Why I’m proud to join Newcastle’s collaborative team –
Pam Smith, Chief Executive, Newcastle City Council

As a recent arrival to the city, it’s clear to me that the relationships between key organisations across the city have been critical to supporting residents and businesses during the pandemic, as well as setting a strong foundation of resilience for the future.

Coming from the other side of the Pennines, where health and care have been part of the mayoral combined authority for some time, I’ve been amazed by the maturity and strength of the Collaborative Newcastle partnership.

The partnership brings together some of the city’s largest organisations to positively support our communities. From a focus on improving and integrating our health and care system, the partnership is now working across social, economic and environmental themes to really tackle the inequalities too many residents in our city face – inequalities that for some Covid has increased, and for others entered their lives for the first time.

Last year, work to support care home residents and staff during the pandemic, wonthe Health and Local Government Partnership Award at the national HSJ Awards. The judges were impressed by the creation of a system of daily calls to provide consistent and comprehensive advice, guidance, and rapid response support to all 46 care and residential homes in the City, and the expansion of the existing nursing support team to offer wide-ranging expertise across the care and residential home sector.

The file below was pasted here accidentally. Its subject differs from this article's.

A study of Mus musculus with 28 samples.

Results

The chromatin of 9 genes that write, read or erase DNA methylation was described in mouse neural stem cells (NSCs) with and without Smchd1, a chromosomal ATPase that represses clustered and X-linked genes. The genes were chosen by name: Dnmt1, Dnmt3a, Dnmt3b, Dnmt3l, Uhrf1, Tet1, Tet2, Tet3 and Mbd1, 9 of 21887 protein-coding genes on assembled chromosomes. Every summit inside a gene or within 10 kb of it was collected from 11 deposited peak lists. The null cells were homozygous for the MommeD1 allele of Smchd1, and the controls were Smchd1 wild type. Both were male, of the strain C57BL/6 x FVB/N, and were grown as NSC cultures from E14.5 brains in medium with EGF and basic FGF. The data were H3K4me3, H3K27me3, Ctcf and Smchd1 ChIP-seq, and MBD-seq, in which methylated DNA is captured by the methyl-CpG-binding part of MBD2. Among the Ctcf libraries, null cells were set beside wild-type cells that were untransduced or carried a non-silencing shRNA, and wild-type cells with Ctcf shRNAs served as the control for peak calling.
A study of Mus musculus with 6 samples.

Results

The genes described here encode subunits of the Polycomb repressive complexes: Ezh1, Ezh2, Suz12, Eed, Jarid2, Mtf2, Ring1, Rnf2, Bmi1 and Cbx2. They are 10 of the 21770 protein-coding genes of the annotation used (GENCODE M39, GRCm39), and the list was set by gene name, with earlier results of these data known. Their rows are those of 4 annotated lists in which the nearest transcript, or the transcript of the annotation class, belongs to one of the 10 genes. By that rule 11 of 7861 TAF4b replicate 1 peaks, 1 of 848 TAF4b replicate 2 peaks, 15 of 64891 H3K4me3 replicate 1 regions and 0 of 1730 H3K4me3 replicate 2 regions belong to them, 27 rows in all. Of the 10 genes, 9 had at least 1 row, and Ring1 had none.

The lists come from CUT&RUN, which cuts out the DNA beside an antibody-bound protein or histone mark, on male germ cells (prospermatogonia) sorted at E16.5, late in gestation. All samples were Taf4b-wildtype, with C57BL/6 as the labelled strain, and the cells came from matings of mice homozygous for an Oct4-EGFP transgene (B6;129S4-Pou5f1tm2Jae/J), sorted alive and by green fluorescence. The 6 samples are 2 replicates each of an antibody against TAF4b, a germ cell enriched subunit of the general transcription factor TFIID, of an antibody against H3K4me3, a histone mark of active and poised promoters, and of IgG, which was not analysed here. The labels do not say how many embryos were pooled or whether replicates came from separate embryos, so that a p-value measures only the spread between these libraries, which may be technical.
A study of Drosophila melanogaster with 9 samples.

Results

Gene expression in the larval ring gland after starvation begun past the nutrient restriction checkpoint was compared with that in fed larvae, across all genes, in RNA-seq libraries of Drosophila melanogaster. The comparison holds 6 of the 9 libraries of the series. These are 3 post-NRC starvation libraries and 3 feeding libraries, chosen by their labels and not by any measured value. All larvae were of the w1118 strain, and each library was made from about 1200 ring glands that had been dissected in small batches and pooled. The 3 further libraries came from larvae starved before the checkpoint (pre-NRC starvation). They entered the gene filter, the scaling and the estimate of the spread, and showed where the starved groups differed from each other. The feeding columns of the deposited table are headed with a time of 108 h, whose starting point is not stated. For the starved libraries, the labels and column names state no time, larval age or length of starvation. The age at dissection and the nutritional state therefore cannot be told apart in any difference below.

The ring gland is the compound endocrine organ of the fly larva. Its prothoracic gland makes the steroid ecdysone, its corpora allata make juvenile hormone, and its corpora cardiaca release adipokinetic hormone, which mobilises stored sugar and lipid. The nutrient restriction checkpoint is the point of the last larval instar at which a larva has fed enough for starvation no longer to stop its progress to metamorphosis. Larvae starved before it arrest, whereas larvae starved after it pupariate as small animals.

The good practice forged in crisis is now continuing, with the team providing care homes with practical in-person support, treatment for residents’ mental and physical health needs.

One of the things I have been most impressed by in the way that Collaborative Newcastle works has been recognising the importance of listening to local people and ensuring their voices are heard. A great example that the council has been leading is the Children and Families Newcastle project which works with schools, voluntary and community sector organisations and children, young people, and families themselves. The project is redesigning the support on offer so that it’s much more proactive, joined-up and tailored to families’ individual needs, with users directly involved in shaping the support on offer. The project has been really welcomed by local families and we are planning to roll it out further.

During the first national lockdown in March 2020, Newcastle City Council implemented its Citylife Line service to provide residents with support if they were struggling to cope with the physical and emotional barriers presented by the strict measures.

Managed by the council’s Welfare and Wellbeing team, this service partnered voluntary and community organisations across the City to provide an outstanding level of support to local people. From using volunteers to do shopping for residents, signposting to food banks for those in need, to finance advice and checking in on people over the phone, this service was widely used and appreciated by our communities and helped to mitigate some of the stresses of dealing with lockdown periods.

From a Council perspective, Collaborative Newcastle is a really powerful way of making the Newcastle pound work harder and go further, at a time when the public sector continues to face real financial challenges. And as the partnership extends, I am confident it will enable us to replicate the kinds of innovative, user-led services that we have seen developed in health and care, across other areas including skills and education, business growth, good homes, and our plans for being net zero by 2030.

As I get to know the city and partners better I know that Collaborative Newcastle will be at the heart of many of the great things we do together. I’m proud to be joining such an amazing, collaborative team.